Local farms open their gates to the public, and show them how vital farms are to our community. They sell homemade baked goods and hot cider and bumpers stickers that say: NoFarms! No Beer! Truth in advertising right there, my friends.
I love Open Gate weekend, and we have been slowly making our way around to all of the farms. This weekend we only had time to see one farm, but it was a horse farm so Francie was in heaven.
We took the requisite hay ride, where my children made themselves sound like denizens of the dark heart of the city. They kept shouting things like, "Look! A squirrel!" As if we don't have fifty thousand squirrels in the woods behind our house at any given moment.
You don't even want to know what they sounded like at the petting farm area. I think most people there thought that we kept them chained to a radiator in a dark basement the way they were expostulating about the red leaves! and the miniature donkeys! and the cute rabbits! and the chickens! real chickens!
Good grief, my parents raised chickens, it's not like we stepped foot on an alien planet.
We toured the barns, where Francie stopped and read every single spec sheet for the horses that were for sale. We told her not to get any ideas, but we were too late, that kid was born with ideas.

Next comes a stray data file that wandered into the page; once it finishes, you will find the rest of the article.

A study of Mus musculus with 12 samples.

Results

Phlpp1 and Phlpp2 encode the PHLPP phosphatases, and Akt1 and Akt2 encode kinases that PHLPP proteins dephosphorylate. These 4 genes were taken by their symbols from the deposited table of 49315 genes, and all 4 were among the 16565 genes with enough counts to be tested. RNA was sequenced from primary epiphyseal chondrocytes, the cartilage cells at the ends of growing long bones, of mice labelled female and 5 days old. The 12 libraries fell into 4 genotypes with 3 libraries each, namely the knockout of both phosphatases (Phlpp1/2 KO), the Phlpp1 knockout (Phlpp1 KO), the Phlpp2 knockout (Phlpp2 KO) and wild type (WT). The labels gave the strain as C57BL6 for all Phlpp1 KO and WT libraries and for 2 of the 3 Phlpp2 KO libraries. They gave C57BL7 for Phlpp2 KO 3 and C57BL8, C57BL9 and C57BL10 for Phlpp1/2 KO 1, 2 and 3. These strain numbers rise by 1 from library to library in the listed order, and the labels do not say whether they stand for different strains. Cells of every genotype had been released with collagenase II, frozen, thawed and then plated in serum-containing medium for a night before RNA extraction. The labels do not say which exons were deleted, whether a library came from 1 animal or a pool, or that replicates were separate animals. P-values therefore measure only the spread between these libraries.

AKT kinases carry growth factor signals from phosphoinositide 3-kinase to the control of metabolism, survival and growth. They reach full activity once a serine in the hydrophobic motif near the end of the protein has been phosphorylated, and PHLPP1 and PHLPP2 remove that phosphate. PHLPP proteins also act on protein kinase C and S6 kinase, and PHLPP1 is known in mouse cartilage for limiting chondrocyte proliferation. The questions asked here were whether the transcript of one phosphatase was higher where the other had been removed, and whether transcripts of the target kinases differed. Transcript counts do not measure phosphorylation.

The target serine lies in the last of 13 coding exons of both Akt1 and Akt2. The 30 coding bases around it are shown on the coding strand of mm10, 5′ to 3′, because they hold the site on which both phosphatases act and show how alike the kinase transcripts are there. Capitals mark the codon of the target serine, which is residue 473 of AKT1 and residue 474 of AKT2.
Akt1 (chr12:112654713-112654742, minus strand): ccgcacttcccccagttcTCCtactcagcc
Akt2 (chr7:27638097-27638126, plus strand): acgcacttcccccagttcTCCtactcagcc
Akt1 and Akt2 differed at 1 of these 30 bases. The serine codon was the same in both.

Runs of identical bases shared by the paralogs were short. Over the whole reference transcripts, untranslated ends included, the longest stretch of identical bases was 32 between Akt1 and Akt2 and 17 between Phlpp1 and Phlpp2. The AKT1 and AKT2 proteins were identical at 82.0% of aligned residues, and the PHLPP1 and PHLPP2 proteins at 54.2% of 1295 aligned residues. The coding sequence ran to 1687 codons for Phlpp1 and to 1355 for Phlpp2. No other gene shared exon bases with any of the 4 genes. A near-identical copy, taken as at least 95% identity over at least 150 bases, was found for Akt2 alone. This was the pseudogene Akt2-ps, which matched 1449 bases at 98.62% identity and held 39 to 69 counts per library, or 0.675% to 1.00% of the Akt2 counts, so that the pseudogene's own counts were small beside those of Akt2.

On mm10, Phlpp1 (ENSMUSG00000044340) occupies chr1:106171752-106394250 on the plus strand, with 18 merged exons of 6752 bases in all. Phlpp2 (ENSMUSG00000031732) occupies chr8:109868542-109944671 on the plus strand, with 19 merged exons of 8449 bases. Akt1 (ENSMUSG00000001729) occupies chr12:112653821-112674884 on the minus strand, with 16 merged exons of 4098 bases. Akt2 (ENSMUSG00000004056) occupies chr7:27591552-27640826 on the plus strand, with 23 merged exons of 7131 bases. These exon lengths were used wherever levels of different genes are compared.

Of course we had to do the pony rides, where Francie mentioned no less than 3,782 times that she has been to horse camp twice so she can ride one of the bigger horses, thankyouverymuch. She is what some might call an experienced horsewoman.
What surprised us was that Fiver wanted to ride. This child, who would not swing on a swing set 18 months ago, sat in the saddle, gripped with all his might, and went on a pony ride. I don't think he'll ever cease to amaze us, and thank God for that.
I'll tell you, there's nothing like a perfect fall day in the country. You just can't beat it.
Someday donkey, you will be mine.
What a day on the farm will do to a boy.